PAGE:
People: Elinor, Lucy Steele

Text: Finally, the days of bad weather lifted and allowed the Dashwood sisters to meet at the Park with its occupants. After supper and tea, the drawing room was opened to encourage cards. Marianne begged out to play the piano. Elinor asked to help Lucy Steele on a craft project that she was attempting to complete for Lady Middleton’s little daughter.

               Elinor had a desire to further confirm Lucy’s claim to be engaged to Edward Ferrars. She wanted more information to ascertain whether Edward still loved Lucy and whether his admiration for Elinor had any foundation. Elinor brought up the subject.

               “I should be undeserving of the confidence you have honored me with, if I felt no desire for its continuance, or no further curiosity on its subject. I will not apologize therefore for bringing it forward again.”

               Thank you,” cried Lucy warmly, “for breaking the ice; you have set my heart at ease by it; for I was somehow or other afraid I had offended you by what I told you on Monday.”

               “Offended me! How could you suppose so? Believe me,” and Elinor spoke it with the truest sincerity, “nothing could be farther from my intention, than to give you such an idea. Could you have a motive for the trust, that was not honorable and flattering to me?” (Elinor asked whether she had ever doubted Edward’s love.)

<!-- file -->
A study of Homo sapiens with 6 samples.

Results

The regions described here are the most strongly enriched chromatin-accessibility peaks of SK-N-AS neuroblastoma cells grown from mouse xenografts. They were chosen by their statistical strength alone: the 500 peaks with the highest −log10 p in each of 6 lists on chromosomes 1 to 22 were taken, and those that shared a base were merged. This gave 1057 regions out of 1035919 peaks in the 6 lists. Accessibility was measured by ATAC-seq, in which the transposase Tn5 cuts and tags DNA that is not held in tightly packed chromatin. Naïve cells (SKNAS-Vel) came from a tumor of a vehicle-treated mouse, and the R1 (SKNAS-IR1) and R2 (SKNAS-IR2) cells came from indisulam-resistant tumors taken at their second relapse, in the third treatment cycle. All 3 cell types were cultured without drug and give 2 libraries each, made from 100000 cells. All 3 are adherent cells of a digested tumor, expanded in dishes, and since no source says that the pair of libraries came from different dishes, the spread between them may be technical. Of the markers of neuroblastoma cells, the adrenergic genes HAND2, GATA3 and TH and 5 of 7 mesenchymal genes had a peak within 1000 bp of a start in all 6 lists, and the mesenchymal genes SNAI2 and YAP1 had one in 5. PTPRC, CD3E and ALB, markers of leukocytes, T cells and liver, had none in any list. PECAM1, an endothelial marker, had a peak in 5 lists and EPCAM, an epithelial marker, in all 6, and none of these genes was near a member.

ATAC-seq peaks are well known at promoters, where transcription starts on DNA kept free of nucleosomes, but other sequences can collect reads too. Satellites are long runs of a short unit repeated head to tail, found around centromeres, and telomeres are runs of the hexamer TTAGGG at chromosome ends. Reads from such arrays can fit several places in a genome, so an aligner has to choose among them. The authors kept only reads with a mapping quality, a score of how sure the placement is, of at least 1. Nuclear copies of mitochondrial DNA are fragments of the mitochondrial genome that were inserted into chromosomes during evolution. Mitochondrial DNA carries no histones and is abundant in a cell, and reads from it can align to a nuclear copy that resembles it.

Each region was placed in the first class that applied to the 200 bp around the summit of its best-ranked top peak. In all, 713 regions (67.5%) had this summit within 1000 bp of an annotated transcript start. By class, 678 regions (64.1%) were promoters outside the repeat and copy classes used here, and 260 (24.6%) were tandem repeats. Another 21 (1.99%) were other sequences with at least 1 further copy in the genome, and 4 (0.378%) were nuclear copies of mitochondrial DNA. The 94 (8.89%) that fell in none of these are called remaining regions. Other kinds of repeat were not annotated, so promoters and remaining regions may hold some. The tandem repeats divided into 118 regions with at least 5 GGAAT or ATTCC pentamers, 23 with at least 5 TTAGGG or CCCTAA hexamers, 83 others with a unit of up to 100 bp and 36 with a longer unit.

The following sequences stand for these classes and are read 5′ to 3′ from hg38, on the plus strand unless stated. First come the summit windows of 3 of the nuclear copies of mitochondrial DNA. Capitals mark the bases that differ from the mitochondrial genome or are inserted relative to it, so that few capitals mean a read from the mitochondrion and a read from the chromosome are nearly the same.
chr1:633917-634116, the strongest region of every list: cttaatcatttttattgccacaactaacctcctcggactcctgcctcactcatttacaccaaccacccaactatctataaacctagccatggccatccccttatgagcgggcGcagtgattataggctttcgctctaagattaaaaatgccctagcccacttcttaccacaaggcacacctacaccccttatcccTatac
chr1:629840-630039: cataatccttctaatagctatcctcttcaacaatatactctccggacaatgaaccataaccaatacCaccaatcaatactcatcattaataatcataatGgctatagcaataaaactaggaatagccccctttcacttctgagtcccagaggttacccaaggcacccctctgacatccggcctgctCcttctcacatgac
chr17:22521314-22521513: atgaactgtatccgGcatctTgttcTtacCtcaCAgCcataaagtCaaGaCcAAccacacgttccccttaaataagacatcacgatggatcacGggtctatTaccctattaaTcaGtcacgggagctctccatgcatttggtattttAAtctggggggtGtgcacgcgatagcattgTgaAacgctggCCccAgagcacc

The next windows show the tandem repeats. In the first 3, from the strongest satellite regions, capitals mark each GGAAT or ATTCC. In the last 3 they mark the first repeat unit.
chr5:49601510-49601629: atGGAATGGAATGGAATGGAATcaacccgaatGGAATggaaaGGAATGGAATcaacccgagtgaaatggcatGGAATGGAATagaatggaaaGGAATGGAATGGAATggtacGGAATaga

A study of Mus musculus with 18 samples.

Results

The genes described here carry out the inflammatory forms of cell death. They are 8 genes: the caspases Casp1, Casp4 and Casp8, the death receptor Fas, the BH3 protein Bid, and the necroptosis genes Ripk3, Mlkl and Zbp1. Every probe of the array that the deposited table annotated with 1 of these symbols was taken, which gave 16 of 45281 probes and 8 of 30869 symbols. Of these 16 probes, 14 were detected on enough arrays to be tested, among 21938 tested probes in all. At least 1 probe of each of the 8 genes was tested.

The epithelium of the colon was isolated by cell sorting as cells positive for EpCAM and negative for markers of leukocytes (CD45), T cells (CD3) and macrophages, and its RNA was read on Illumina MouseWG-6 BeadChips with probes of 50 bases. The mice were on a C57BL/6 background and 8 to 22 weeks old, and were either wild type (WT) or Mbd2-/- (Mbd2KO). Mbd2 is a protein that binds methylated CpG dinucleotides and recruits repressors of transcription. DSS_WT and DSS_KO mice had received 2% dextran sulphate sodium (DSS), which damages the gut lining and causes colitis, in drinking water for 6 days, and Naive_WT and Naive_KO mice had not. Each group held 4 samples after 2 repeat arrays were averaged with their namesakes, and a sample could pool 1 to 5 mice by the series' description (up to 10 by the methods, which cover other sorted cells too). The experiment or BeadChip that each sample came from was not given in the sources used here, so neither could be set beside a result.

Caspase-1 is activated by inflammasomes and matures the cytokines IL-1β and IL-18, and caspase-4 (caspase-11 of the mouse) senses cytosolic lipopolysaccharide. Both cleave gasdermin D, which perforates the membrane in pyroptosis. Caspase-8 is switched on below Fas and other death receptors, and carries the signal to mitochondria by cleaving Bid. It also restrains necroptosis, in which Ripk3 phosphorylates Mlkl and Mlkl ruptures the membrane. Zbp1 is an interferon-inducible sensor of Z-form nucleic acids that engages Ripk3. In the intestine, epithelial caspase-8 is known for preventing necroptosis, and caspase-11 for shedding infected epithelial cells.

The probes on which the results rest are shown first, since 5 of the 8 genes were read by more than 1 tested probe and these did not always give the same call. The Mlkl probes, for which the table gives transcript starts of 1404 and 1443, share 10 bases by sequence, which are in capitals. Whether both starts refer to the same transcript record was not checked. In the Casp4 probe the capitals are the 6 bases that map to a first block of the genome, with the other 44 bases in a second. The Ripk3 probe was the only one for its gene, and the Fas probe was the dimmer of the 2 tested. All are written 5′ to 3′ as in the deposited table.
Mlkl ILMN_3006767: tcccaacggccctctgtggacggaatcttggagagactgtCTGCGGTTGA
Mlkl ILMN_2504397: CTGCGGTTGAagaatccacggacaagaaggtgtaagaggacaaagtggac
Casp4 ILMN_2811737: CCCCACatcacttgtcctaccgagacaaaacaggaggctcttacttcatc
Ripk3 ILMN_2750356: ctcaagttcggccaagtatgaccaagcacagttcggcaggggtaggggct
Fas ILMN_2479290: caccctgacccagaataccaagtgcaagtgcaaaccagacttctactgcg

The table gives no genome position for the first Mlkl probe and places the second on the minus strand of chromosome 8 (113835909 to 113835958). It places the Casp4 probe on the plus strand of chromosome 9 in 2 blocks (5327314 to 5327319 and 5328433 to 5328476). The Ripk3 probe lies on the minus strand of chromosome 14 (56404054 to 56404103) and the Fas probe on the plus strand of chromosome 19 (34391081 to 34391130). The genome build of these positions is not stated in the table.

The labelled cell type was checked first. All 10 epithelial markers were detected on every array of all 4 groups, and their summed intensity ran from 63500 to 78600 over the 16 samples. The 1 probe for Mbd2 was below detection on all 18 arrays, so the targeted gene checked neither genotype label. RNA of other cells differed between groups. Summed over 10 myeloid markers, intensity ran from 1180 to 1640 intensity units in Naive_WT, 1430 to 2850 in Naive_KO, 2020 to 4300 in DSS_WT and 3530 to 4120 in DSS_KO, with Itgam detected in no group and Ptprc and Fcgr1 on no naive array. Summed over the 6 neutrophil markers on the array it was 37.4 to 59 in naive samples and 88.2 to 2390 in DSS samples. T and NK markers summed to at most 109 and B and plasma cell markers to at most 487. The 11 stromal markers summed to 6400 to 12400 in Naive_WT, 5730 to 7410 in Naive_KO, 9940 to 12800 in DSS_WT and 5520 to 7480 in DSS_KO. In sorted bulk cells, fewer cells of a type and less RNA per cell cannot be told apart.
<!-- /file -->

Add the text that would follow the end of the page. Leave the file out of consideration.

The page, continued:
“Edward’s love for me,” said Lucy, “has been pretty well put to the test, by our long, very long absence since we were first engaged, and it has stood the trial so well, that I should be unpardonable to doubt it now. I can safely say that he has never given me one moment’s alarm on that account from the first.”

               Elinor hardly knew whether to smile or sigh at this assertion.

               Lucy went on, “I am rather of a jealous temper too by nature…if there had been the slightest alteration in his behavior to me or any lowness of spirits or if he had talked more of one lady than another, I was inclined enough for suspicion. I am sure I could not be deceived.”

Emotion: discernment

Insight: Job 5:2 seems to know Lucy Steele, “Surely vexation kills the fool, and jealousy slays the simple.”

               From Lucy’s confessions here of being of a jealous temper, one could wonder if her motivation of sharing her engagement to Edward with Elinor was not made solely as a warning. Did she suspect that Edward had a regard for Elinor? Lucy had learned of Elinor only through Edward’s bringing her name up often in conversation when they had last met. Her motives are suspicious.

               Jealousy is not a character trait to boast of to be sure. Lucy Steele seems to bring it forth as a strength of her character, but Job has a very different opinion of jealousy. Job offers that both vexation and jealousy are the murderers of the foolish and simple. Elinor acknowledges that Lucy is the lesser of the two. She believes that Edward truly feels admiration for herself. But Lucy entertains no doubts as to Edward’s fidelity. May we be more like Elinor and less like Lucy and realize that harboring jealousy is not an admirable pastime. May we practice the command of spirit that is seen in Elinor and trust the love that we and others have received.